Fifty years after Martin Luther King’s “I Have a Dream” speech envisioned unity between blacks and whites, a new study finds a growing gap in racial attitudes and experiences in America.
“We do not live in a post-racial nation, … but in a land of two Americas divided by race, and less willing than ever to find a common ground of understanding,” David Briggs of the Association of Religion Data Archives wrote, describing findings of the 2012 Portraits of American Life Study.
The study, a second wave of a major study on religion and race led in 2006 by sociologists Michael Emerson of Rice University and David Sikkink of the University of Notre Dame, found increases in the percentage of both whites and blacks who felt they have been treated unfairly because of their race. One in four agreed with the statement: “It’s OK to have a country where the races are basically separate from one another, as long as they have equal opportunity.”
In 2012, nearly half of blacks, including 52 percent of black Protestants, said they thought about their race daily. Just 10 percent of whites reported the same degree of racial awareness.
Nearly six in 10 white Americans — including 69 percent of white evangelical Protestants — believe one of the best ways to improve race relations is to stop talking about race. That’s up from 45 percent in 2006. The percentage of black Americans saying the same thing also rose from 31 percent in 2006 to 39 percent in 2012, including 44 percent of black Protestants.
In 2006, slightly more than a third of white respondents said the government should do more to help minorities increase their standard of living. In 2012, just a quarter of white respondents favored such government action. During the same period, the percentage of black respondents favoring a greater role for government rose from 71 percent in 2006 to 79 percent in 2012.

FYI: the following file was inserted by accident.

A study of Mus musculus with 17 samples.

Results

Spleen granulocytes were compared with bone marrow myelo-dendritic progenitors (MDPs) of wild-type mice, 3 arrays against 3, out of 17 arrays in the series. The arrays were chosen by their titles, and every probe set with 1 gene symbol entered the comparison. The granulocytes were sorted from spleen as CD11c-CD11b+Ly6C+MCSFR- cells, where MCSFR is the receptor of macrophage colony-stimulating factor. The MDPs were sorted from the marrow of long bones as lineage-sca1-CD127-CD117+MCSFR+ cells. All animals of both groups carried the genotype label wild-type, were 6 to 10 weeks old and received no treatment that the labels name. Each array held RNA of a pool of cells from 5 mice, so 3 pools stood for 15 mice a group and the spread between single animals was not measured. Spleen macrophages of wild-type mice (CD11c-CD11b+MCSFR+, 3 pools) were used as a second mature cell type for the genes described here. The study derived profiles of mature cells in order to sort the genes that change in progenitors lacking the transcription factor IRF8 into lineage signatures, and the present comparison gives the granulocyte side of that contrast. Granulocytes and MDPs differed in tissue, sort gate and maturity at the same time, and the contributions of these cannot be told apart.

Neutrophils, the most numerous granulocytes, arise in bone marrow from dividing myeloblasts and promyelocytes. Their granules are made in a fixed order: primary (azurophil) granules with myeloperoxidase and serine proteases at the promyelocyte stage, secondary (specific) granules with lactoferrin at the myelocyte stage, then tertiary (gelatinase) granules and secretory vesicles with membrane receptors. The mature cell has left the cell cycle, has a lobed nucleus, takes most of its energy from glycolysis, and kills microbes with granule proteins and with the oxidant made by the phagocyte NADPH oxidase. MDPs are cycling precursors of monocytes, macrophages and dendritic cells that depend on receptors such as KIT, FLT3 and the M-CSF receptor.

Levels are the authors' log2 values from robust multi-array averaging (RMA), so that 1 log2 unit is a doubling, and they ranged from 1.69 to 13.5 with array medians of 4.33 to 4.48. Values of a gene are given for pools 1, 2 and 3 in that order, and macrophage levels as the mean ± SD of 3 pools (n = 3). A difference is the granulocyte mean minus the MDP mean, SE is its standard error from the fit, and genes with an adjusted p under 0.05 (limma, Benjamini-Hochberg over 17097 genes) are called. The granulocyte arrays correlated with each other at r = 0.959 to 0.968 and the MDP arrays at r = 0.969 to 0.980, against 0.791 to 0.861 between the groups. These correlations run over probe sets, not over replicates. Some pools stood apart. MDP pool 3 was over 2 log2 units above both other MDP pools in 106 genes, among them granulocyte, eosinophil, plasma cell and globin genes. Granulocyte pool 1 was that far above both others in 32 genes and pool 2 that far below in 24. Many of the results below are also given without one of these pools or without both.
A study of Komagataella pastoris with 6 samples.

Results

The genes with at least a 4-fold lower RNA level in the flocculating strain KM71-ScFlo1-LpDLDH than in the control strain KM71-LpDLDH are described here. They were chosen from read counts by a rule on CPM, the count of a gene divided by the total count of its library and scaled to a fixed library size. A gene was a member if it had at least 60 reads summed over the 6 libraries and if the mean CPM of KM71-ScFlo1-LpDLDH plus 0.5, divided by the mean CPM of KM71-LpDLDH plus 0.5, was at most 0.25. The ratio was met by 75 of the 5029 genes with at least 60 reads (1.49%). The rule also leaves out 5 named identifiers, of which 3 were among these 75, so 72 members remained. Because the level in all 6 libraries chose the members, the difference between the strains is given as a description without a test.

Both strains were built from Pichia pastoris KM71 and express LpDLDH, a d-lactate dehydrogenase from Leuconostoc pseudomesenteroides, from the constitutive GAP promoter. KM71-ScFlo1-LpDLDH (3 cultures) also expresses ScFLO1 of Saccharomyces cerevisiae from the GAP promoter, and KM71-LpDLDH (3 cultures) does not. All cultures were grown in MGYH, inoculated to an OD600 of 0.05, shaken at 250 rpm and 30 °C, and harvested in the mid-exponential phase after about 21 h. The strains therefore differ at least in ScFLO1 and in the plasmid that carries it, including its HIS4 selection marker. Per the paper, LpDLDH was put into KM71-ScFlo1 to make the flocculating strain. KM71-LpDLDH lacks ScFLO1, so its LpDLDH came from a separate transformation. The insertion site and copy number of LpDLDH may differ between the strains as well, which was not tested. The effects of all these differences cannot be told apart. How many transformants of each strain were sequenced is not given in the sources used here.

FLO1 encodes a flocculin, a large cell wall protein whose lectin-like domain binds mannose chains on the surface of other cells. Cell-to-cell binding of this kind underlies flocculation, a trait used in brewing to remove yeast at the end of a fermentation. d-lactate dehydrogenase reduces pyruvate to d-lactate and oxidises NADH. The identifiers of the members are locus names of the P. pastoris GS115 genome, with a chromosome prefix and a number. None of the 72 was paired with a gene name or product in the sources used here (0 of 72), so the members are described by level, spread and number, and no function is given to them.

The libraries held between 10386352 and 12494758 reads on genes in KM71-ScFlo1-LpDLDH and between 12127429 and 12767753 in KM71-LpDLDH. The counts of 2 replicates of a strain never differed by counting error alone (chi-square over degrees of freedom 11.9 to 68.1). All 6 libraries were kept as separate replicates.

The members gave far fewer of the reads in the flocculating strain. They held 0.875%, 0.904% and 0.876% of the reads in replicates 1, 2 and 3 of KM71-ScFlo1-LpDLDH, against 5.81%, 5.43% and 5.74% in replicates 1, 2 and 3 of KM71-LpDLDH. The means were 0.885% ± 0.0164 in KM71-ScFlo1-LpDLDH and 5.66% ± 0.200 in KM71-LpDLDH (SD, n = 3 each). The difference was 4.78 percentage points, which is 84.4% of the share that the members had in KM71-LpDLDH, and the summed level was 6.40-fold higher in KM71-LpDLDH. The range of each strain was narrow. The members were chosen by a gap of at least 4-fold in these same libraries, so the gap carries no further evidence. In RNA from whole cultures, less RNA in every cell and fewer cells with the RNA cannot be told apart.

Both races increasingly view themselves as victims of racial prejudice. Fourteen percent of whites said they had been treated unfairly because of their race in the last three years, up from 8 percent in 2006. The percentage of blacks reporting prejudice rose from 36 percent in 2006 to 46 percent in 2012.
Observers termed the findings sobering in a year that saw 50th anniversary commemorations of the Civil Rights Movement — including Dr. King’s Aug. 28, 1963, words at the Lincoln Memorial, considered one of the top 100 speeches in American history, and the Dec. 5 death of Nelson Mandela, a symbol of racial reconciliation for his work to end apartheid in South Africa.
A recent controversy over a television reality show hinted at how differently Americans perceive the issue of racism. “Duck Dynasty” star Phil Robertson, in the news for expressing his views on homosexuality in a magazine interview, also commented that he never heard blacks he knew in pre-Civil Rights Louisiana complain about their treatment by whites.
Southern Baptist pastor who has in the past pointed out his own denomination’s shortcomings in matching its rhetoric on racial reconciliation with concrete action, gave Robertson a pass, saying there was some truth to his comment and that it didn’t suggest all Southern blacks were happy under Jim Crow.Dwight McKissic, a prominent black
Fred Luter, the first African-American to be elected president of the Southern Baptist Convention, said that he agreed with Robertson about homosexuality but took exception to his views on race.
Luter, pastor of Franklin Avenue Baptist Church in New Orleans, said in a story distributed by Associated Press that there was nothing happy about segregation or “being hung in a tree because of your race,” adding that blacks were definitely complaining, if not to Robertson.
Alan Bean, a white American Baptist minister who leads Friends of Justice — a ministry that spotlights racial inequality in America’s criminal justice system — said people like Robertson and Fox News personality Megyn Kelly, criticized for saying both Santa Claus and Jesus were white, “don’t mean to be mean” but think like they do because of “social isolation.”
“This is probably too obvious to need saying, but I’ll say it anyway,” Bean wrote in a blog Dec. 20. “African-Americans in the pre-civil rights South didn’t complain to their white overlords, especially the poor whites who sometimes worked next to them. Uttering complaints about the way you were being treated or about the heartbreaking unfairness of Jim Crow segregation was an excellent way to get fired or, if the good old boys within earshot were so inclined, lynched.”